After just five matches in the English Premier League this season, Sunderland have earned just one point and have become the laughing stock of the top flight.
The main reason for the troubles the Black Cats are experiencing is their manager Paolo Di Canio.
Di Canio took over at the club at the end of March and provided the club with a boost of fresh energy that kept them away from being relegated to the Championship last season.
While Di Canio's efforts from the 2012-13 season were celebrated, those accomplishments are now buried deep in the mind of the Black Cats and their fans.
In their four defeats so far this season, Sunderland have conceded 10 goals, including three in each of their last three matches, and have scored just twice.
Their current three-match losing streak has seen the club lose what were supposed to be very competitive matches against the likes of Crystal Palace and West Brom. Most would have chalked up last week's loss to Arsenal as a loss when the fixture list was released.
The multitude of signings that Di Canio brought into Wearside during the summer transfer window have not molded together yet.
The patience of everyone around the club is beginning to run dry.
American forward Jozy Altidore has yet to score and pairing him with established goal-scorer Steven Fletcher up front has failed to succeed.
Di Canio let one of his better playmakers, Stephane Sessegnon, depart for West Brom on deadline day. Sessegnon enacted his revenge on the club with a goal on Saturday against the Black Cats for West Brom.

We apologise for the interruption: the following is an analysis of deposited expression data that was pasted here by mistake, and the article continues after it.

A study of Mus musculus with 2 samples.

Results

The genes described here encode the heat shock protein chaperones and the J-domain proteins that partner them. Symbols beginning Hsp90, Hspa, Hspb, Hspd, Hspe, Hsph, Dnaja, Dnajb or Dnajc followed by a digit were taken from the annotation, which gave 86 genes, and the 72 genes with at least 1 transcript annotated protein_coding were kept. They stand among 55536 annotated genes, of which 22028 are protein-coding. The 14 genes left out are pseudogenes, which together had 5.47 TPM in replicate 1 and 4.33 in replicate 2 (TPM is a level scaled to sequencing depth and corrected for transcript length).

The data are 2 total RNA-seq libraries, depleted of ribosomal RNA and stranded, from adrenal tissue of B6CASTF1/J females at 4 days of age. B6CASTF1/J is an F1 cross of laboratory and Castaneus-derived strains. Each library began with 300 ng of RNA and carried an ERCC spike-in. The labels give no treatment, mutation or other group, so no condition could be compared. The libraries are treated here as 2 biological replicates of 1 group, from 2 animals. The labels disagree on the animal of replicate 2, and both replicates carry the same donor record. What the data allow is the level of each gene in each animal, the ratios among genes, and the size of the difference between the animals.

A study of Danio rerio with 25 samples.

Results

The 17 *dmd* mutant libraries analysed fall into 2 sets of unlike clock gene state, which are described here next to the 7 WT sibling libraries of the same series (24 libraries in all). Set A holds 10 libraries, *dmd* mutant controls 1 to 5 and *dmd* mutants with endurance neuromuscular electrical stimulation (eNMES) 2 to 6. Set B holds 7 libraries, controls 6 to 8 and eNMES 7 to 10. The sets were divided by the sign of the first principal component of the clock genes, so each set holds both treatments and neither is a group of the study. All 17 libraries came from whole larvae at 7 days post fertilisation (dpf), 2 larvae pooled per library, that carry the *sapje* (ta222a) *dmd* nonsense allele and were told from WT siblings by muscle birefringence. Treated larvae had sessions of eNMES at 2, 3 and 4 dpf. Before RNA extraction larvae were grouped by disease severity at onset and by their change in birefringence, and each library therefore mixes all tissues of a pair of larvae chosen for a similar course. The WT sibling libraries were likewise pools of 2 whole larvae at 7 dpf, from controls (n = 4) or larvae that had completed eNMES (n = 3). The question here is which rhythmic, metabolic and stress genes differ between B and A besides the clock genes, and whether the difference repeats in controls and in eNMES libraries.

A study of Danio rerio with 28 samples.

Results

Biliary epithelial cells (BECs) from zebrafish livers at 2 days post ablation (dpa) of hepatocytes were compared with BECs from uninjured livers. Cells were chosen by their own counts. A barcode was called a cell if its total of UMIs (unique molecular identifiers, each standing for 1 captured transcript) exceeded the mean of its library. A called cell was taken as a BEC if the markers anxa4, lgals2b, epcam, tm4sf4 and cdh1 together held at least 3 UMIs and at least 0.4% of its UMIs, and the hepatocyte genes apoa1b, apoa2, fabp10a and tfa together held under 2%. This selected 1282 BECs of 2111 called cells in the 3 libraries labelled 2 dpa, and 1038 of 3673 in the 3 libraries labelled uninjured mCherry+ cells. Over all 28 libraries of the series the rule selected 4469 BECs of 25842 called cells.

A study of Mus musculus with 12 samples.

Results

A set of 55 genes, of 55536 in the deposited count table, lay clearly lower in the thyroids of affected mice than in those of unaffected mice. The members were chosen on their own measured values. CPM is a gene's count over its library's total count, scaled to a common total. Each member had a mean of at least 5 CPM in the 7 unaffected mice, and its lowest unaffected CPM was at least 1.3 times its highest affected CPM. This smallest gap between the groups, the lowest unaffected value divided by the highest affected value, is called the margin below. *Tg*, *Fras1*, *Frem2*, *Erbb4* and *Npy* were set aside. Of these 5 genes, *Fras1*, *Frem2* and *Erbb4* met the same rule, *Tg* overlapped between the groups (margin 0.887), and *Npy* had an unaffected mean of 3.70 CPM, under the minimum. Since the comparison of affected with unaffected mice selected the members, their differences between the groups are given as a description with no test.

Di Canio has not done himself any favors in the eyes of the fans either. His strange post-match antics—after the most recent loss to West Bromwich Albion on Saturday—looked like a manager conceding to his supporters that he has nothing left to offer.
After the match in his press conference, Di Canio admitted that the dreadful form of his club is his own fault.
According to a report by the Mirror's Dean Jones, the Italian manager has two matches to save himself from becoming the first EPL manager to be sacked this season.
The report also states that a replacement for Di Canio could already be waiting in the wings in the form of former Chelsea and West Brom boss Roberto di Matteo.
Di Matteo, unlike his fellow Italian, is a proven manager at the highest level of the game in England and if it was not for a quick trigger by Chelsea owner Roman Abramovich, he could have achieved much more than just a UEFA Champions League and FA Cup title during his time at Stamford Bridge.
In all reality, di Matteo may not deliver trophies to the faithful at the Stadium of Light this season if he replaces di Canio, but he will turn the team into a respectable product out on the pitch that will stave off the early-season relegation worries.
Do you think Paolo di Canio should be sacked this early in the season?
Comment below or leave me a comment on Twitter, @JTansey90.